Friday, February 27, 2015


On February 26, 1993 (22 years ago today), I was on the 79th floor of One World Trade Center when terrorists detonated a truck bomb in the basement with the intention of bringing down at least one of the towers. They failed that day, only to succeed 8 1/2 years later.
6 people died. Over 1000 people were injured, most of us with lungs damaged by smoke inhalation. The details of the 4.5 hours it took us to escape the building are seared in my brain, images standing out like it happened yesterday instead of half my lifetime ago.
The memories of that day come back to me often, and have shaped me in unexpected ways. Not surprisingly those events played a big role in my decision to leave NY.
One might assume that having this experience would make me somewhat sympathetic to the irritations of modern life in America: the security lines at airports, the government's war on terror, etc. But you'd be wrong.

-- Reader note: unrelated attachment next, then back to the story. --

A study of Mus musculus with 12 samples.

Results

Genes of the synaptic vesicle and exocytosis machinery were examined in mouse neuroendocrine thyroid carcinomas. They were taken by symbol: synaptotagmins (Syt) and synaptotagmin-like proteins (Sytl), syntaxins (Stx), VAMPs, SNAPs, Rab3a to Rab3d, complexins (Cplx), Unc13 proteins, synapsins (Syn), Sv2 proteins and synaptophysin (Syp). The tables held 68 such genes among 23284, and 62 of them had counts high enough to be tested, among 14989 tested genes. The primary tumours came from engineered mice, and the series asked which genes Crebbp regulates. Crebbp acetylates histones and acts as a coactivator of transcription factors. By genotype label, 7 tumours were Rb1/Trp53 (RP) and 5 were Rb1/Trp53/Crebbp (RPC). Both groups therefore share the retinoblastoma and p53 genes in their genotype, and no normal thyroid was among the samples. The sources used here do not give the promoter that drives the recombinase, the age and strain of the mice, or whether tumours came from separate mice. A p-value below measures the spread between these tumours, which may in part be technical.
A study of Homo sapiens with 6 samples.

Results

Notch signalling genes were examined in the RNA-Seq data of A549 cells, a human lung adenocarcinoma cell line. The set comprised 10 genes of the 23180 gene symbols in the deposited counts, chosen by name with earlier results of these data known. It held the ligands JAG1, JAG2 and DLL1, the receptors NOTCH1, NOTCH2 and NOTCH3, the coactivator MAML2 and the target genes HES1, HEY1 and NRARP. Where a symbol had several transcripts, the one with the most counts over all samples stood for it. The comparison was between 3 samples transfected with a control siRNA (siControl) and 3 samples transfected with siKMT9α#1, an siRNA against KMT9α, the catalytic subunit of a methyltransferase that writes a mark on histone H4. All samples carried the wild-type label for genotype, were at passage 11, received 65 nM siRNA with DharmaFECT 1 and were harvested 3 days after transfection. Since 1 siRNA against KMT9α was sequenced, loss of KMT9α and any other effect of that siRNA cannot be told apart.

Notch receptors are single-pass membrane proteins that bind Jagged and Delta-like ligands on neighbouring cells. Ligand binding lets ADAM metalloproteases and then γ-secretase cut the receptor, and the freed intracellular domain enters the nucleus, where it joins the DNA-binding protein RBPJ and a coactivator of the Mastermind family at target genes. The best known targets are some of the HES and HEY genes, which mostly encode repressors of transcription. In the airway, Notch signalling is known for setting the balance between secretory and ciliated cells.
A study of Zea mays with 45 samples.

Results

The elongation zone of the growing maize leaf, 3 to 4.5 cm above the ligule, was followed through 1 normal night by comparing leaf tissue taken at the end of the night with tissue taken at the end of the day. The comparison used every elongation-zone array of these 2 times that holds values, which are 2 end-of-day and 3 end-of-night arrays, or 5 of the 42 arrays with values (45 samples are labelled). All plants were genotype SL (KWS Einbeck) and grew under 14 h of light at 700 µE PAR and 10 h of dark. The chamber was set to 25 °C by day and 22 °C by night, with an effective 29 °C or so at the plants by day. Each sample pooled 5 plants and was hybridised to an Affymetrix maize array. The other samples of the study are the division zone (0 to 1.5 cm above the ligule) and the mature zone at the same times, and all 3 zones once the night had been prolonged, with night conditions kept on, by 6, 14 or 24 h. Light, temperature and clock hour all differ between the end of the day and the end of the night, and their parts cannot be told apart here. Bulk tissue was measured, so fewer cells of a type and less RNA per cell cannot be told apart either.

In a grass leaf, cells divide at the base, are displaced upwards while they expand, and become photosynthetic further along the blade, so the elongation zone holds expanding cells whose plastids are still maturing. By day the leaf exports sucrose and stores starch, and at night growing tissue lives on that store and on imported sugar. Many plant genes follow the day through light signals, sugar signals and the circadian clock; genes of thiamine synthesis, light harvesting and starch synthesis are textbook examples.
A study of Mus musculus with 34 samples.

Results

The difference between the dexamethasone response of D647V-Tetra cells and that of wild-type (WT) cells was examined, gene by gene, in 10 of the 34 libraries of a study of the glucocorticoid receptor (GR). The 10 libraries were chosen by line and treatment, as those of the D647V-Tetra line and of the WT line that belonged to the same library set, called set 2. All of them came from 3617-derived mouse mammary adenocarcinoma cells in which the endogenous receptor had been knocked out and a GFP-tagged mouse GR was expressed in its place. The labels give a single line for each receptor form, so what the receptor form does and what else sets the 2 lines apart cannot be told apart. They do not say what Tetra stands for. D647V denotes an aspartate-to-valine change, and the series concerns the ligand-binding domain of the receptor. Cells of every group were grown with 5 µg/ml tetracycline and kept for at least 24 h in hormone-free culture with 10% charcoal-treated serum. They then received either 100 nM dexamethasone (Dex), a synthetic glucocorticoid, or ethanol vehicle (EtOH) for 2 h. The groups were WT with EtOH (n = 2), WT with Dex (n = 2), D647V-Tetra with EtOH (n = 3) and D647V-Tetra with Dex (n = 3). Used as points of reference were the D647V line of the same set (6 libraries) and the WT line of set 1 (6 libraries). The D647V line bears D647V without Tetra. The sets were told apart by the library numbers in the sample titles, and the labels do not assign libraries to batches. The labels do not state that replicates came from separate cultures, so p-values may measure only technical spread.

As I mourn the loss of the 6 people who died that day, I also mourn the loss of our civil liberties. The right to assembly, the right to free speech, the right to privacy, the protections against unreasonable search and seizure. All being attacked under the guise of the "war on terror". The steady degradation of these freedoms, accelerated after 9/11, troubles me greatly and I don't believe that the loss of these freedoms and the government's ever-deeper intrusions into our lives are making us "safer" or our citizens more secure.
I plan to honor the folks who died by taking some time today to renew my membership to the ACLU. What will *you* do today?

Note: this article originally published on Facebook yesterday (2-26-15).